NASA Jet Propulsion Laboratory, California Institute of Technology

As part of a continuing process to locate and investigate possible sites of contamination, the Jet Propulsion Laboratory has uncovered and demolished an aged dilution chamber that was part of a storm drain system used more than 30 years ago.

Several weeks ago, a construction crew discovered the old storm drain system while repaving a road in the eastern portion of the Laboratory near the arroyo. The chamber contained liquid and a black, sandy sludge material.

Analysis of the sludge revealed traces of carbon tetrachloride (13,400 parts per million) and lesser amounts of other solvents, metals. Trace cyanide was measured at 0.5 parts per million. The removal and disposal of all the waste material was handled according to federal, state and local requirements.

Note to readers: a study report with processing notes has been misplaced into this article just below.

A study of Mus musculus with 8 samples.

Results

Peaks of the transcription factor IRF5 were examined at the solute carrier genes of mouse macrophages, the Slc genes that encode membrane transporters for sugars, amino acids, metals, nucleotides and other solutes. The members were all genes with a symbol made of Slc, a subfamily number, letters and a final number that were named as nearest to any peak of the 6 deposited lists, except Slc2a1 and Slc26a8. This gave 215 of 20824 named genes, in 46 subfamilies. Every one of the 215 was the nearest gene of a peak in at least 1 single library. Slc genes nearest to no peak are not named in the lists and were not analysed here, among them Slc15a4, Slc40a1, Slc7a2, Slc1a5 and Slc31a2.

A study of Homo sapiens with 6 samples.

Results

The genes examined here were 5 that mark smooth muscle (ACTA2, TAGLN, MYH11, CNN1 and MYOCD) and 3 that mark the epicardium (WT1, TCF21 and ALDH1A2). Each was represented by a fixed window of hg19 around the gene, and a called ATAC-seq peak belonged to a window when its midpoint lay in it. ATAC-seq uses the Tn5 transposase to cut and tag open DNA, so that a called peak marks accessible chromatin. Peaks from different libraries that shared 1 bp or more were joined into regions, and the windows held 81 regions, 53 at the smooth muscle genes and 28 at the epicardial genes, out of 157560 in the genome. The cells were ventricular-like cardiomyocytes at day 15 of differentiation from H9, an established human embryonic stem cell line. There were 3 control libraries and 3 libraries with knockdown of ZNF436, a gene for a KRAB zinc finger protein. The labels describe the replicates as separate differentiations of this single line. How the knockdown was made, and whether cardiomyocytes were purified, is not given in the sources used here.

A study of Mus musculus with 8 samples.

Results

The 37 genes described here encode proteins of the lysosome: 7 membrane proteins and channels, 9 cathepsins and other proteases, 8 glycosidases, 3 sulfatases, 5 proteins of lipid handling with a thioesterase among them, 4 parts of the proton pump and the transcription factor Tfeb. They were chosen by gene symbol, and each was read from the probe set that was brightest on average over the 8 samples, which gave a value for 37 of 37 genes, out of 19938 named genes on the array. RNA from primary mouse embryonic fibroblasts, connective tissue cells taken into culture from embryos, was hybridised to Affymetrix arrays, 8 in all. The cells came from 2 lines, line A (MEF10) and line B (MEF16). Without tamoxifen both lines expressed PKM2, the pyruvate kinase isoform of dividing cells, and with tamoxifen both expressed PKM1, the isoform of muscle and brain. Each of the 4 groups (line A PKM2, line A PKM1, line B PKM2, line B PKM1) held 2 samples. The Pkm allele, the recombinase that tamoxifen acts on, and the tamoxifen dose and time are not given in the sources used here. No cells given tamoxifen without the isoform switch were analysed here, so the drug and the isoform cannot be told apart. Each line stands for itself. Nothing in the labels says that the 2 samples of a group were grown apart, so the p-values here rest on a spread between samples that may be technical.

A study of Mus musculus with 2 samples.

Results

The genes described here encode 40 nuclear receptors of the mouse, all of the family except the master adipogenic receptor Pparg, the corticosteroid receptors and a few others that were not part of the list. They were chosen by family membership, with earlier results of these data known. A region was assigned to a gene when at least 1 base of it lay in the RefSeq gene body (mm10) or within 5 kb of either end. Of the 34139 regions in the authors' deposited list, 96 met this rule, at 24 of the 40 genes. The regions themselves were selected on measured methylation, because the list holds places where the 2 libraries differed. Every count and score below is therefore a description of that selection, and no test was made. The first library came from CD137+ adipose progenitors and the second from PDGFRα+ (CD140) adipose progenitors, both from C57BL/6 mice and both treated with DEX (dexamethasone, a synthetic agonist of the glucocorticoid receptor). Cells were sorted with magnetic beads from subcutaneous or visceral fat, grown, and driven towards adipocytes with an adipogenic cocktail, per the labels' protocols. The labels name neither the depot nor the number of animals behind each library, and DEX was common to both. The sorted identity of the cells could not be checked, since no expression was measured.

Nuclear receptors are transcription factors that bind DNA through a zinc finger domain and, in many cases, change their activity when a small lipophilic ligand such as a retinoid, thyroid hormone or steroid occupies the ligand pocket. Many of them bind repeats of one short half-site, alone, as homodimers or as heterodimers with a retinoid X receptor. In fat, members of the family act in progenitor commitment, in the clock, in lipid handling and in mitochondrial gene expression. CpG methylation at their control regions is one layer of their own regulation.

Once workers removed the dilution chamber they discovered an even older seepage pit underneath it. This seepage pit is believed to be one of 35 possible contamination sites in the area round the Laboratory that JPL officials have identified for future investigation. All new construction sites at JPL are routinely examined for possible signs of contamination. Seepage pits were used to dispose of a variety of material during the 1940s and 1950s when JPL was a U.S. Army ballistic missile facility.

Last year, JPL contributed $1.125 million to the City of Pasadena for the construction of a temporary treatment plant that will decontaminate four water wells in the arroyo.